Hope Probe transferred to Japan ahead of July launch to Red Planet

UAE's mission to Mars on course despite Covid-19 pandemic

The world’s largest cargo plane then transported the Hope Probe from Dubai to Japan on an 11-hour journey, while it took over 44 hours from arriving at Japan’s Nagoya Airport, over land and sea, to reach the departure station on Tanegashima Island.

The UAE’s efforts to explore Mars have continued unabated despite the outbreak of coronavirus, with its Hope Probe transferred to Japan, where it is set to launch in July, destined for the Red Planet.

The extraordinary mission to transport the massive probe to Tanegashima Island in Japan was coordinated by the UAE Space Agency and the Mohammed Bin Rashid Space Centre, under strict health and safety guidelines in light of the current Covid-19 pandemic.

It involved an initial 12-hour operation to transfer the probe from the centre to Al Maktoum International Airport via a special truck that included sensitive scientific equipment.

The world’s largest cargo plane then transported the Hope Probe from Dubai to Japan on an 11-hour journey, while it took over 44 hours from arriving at Japan’s Nagoya Airport, over land and sea, to reach the departure station on Tanegashima Island.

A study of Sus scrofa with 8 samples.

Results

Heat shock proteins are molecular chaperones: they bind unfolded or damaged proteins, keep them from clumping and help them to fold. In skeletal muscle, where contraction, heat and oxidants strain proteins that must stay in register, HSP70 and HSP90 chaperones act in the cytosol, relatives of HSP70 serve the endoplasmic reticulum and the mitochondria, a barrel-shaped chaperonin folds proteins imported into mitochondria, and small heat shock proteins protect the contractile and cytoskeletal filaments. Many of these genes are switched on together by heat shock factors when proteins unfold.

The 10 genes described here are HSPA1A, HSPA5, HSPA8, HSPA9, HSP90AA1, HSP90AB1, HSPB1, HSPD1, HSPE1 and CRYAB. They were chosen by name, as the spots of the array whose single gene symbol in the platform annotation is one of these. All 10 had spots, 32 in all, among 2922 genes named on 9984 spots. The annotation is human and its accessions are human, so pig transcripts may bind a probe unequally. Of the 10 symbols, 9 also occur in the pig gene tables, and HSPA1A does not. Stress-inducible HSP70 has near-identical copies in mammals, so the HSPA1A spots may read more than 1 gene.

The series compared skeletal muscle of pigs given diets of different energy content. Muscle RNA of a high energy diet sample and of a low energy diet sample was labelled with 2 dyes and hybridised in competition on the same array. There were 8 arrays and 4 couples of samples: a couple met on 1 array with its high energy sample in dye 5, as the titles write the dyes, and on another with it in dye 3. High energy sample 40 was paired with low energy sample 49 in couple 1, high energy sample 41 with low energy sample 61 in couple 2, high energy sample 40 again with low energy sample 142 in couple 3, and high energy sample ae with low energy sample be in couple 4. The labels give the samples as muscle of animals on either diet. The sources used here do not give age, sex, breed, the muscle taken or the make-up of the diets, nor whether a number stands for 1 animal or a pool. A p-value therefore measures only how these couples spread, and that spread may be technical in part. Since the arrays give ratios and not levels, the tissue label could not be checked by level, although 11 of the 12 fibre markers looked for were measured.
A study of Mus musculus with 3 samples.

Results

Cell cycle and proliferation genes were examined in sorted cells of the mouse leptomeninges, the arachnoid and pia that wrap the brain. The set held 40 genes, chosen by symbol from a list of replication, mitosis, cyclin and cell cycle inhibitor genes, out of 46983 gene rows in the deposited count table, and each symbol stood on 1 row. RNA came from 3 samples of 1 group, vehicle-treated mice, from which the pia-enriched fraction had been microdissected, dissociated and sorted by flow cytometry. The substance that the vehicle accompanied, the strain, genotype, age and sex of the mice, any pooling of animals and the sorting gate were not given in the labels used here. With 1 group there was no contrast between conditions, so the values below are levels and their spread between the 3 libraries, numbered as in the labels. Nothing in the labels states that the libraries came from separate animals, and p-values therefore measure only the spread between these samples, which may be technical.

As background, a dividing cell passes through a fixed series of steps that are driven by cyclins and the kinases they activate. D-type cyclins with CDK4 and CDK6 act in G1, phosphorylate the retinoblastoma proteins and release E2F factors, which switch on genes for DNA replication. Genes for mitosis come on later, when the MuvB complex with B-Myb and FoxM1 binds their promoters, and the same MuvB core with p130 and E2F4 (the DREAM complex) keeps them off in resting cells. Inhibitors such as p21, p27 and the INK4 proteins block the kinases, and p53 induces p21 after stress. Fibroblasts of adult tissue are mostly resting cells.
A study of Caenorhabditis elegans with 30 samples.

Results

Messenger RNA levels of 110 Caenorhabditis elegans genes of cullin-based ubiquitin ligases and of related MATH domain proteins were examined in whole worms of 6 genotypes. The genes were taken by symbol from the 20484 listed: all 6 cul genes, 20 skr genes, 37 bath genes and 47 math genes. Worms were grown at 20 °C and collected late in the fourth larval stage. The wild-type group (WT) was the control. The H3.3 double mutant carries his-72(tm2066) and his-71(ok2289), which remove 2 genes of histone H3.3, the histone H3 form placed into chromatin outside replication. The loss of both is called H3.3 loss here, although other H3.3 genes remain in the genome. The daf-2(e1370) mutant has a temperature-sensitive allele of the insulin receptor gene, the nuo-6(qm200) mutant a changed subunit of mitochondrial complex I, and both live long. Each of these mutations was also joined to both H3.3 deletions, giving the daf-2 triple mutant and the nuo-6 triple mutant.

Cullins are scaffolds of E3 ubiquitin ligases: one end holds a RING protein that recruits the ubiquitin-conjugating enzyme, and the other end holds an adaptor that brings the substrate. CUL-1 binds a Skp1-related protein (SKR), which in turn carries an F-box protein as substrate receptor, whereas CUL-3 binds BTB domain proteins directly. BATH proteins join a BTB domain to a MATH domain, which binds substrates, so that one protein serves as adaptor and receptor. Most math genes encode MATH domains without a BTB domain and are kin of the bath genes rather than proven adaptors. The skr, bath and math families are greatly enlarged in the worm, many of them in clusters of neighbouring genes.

Sara Al Amiri, Minister of State for Advanced Sciences, deputy project manager of the Emirates Mars Mission (EMM), said: “Today, we must celebrate the scientific achievement of our engineers, scientists and technicians. This milestone will become an integral part of the UAE’s history that we collectively take pride in. This project will become the largest scientific addition to the Arab World’s notable achievements in the space and sciences industry.”

The Hope Probe’s mission to Mars, the first by any Arab or Muslim-majority country, is scheduled to start in mid-July 2020 from the Tanegashima Space Centre using the Mitsubishi Heavy Industries (MHI H2A) platform and is expected to reach the Red Planet’s orbit in the first quarter (February) of 2021.

It will become the first to provide a complete picture of the Martian atmosphere and its layers and will help answer key questions about the loss of hydrogen and oxygen gases in space.